Social Mood in Europe, Russia & SE Asia

Russia wants its own 'straight' Eurovision
Lawmakers in the Kremlin-controlled parliament picked up on swelling outrage in the socially conservative country at Conchita Wurst's weekend triumph by proposing a Russian-based contest in which family values prevail.

"The last Eurovision contest's results exhausted our patience," Communist Party deputy Valery Rashkin told the Interfax news agency.

"We must leave this competition. We cannot tolerate this endless madness."

Rashkin said he would push for the creation of a "Voice of Eurasia" songfest instead, which would primarily group nations from the former Soviet Union.

It was a suggestion picked up quickly by advisers to Belarus President Aleksander Lukashenko - a ruler who has overseen his isolated country for 20 years and was once branded by Washington as the last dictator of Europe.

"Conchita Wurst's Eurovision victory symbolizes the complete collapse of the European Union's moral values," the country's advisory Slavic Committee said in a statement.

"We do not need Europe!"
This shows how far along things have gotten in the battle between the post-Christian West and the increasingly Orthodox Russia. Culture has truly become a weapon of war, similar to how in Nigeria, education of girls has become a weapon. The Islamic reaction is different from the Russian reaction because the Russians are playing the game at the level of state. Russia kicked out US-EU front groups and the anti-gay propaganda law is designed to keep these groups out. In contrast, the Islamists use targeted violence.

Behind it at all is a direct state vs state confrontation between the US and Russia, but on the surface it appears as a cultural battle. There is no ideological war taking place (or if there is, it is the American government that is pushing ideology, not Russia), but culture is being used to whip up anti-Russia sentiment in the West, which plays into the current social mood. People will look for an enemy and at this point, it appears that enemy is Russia. The target of public anger can shift quickly though, and if social mood declines, one can only hope that Russia is no longer the target because violent conflict, internal or external, is more likely in the coming years as social mood declines.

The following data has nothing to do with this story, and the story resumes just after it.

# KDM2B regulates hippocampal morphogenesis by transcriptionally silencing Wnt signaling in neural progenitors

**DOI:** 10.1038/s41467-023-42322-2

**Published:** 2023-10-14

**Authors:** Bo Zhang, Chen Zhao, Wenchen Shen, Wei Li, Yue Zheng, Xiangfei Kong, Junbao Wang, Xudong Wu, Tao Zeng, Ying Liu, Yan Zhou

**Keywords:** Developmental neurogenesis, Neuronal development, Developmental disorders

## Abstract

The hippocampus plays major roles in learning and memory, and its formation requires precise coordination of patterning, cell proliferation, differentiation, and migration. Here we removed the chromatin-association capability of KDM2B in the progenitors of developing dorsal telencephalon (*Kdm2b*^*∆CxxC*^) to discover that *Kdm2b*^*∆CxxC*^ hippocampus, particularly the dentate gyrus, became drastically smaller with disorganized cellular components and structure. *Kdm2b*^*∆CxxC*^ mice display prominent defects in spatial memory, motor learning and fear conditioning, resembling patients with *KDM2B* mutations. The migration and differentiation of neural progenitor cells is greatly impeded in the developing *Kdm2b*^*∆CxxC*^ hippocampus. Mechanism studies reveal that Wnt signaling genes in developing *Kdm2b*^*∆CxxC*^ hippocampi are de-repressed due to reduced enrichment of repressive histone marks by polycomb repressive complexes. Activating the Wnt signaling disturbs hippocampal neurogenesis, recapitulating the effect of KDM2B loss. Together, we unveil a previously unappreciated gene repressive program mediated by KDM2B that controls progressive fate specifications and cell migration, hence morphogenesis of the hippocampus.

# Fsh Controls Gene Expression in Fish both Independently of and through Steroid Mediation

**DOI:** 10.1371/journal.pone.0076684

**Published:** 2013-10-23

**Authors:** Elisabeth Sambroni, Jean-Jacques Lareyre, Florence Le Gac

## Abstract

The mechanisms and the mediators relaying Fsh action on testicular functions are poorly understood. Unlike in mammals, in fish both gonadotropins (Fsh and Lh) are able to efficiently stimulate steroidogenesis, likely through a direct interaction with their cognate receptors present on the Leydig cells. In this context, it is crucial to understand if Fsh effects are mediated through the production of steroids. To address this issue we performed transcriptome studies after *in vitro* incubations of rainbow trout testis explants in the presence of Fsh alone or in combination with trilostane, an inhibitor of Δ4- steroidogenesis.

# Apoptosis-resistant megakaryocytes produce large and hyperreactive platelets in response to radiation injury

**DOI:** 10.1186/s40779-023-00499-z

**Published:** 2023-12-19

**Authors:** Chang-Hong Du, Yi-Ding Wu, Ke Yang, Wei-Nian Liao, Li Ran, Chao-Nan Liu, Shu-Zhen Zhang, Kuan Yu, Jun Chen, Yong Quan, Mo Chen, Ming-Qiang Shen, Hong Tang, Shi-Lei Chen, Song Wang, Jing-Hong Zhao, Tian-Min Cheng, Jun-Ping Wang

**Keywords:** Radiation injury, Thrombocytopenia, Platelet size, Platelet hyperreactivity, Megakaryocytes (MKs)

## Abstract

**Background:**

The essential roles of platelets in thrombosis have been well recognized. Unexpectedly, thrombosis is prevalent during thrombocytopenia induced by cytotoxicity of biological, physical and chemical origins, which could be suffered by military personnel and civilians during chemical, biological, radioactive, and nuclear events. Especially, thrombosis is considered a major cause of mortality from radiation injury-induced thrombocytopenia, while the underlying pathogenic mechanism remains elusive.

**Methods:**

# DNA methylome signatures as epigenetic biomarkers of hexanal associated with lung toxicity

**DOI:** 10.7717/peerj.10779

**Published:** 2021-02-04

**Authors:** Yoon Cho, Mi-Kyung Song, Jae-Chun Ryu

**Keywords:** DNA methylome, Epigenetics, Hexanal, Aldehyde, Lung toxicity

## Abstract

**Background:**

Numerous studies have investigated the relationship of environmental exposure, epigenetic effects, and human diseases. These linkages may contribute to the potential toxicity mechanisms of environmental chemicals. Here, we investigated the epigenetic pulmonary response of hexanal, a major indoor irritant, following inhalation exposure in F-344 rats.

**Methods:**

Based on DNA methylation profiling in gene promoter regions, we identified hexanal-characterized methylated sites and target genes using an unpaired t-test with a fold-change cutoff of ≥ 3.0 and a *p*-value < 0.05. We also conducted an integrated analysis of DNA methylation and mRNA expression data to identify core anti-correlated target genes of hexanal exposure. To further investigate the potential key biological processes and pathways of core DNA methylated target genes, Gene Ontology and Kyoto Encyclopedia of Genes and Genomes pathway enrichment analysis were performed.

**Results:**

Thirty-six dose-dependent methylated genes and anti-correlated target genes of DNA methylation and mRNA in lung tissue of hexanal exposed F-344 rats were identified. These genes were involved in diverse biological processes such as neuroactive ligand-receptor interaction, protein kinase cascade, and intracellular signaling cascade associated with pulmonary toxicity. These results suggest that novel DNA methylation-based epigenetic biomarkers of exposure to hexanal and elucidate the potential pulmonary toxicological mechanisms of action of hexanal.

Vietnamese mobs ransack foreign factories in anti-China violence
Yue Yuen Industrial, the world’s biggest sports shoe maker, which supplies Nike, said it was not affected but had suspended production in Ho Chi Minh City as a precaution. Li & Fung, the world’s biggest sourcing company, said some of its suppliers in Vietnam halted production on Wednesday as a precautionary measure.

On Wednesday evening, the industrial zone’s management said police and security guards had “re-established security control”. It said 99 tenants had been hit by the protests and that four Chinese and Taiwanese factories had been set on fire.

The attacks, in a country like Vietnam whose economic strategy is pinned to foreign investment, highlight the effect of a spat between China and Vietnam over disputed parts of the South China Sea.

More here: Vietnamese Mob Burns Foreign Factories In Anti-China Riots (21 Dead, 90 Injured)

A loss for Vietnam, China or both? In The Logic of Strategy: Yuan Devaluation and the Road to Trade War, I mainly focused on the currency, but the main point of Luttwak is that slowing China's economy should be the main strategic goal of any nation that is worried about China's rise and that this can be done peacefully by enacting policies that also one's own economies—although in the case of a trade deficit nation like the U.S., restrictions on trade can boost GDP in the short-term. The U.S. might enjoy faster growth for much longer than a presidential term, since the loss of competitiveness might take a decade or more to set it, which could make it a very attractive twofer policy for American president.

The mob reaction in Vietnam is neither peaceful nor logical, but it does move events in the direction of reducing economic growth by disrupting the global supply chain because, if Vietnam can riot, why not Malaysia, Indonesia or the Philippines, all nations with similar maritime disputes? To this point, no nation has talked openly about trade sanctions against China, but logically that has to be a consideration for nations that cannot hit China militarily. It can be done in indirect ways, such as allowing riots (as China did against Japan) or shifting domestic policies, and it can be done directly.

Political and military tensions are going to add to any economic slowdown in the region, and any slowdown will lead to more political and military tensions. China no doubt recognizes this potential threat, which is why domestic economic reform is paramount.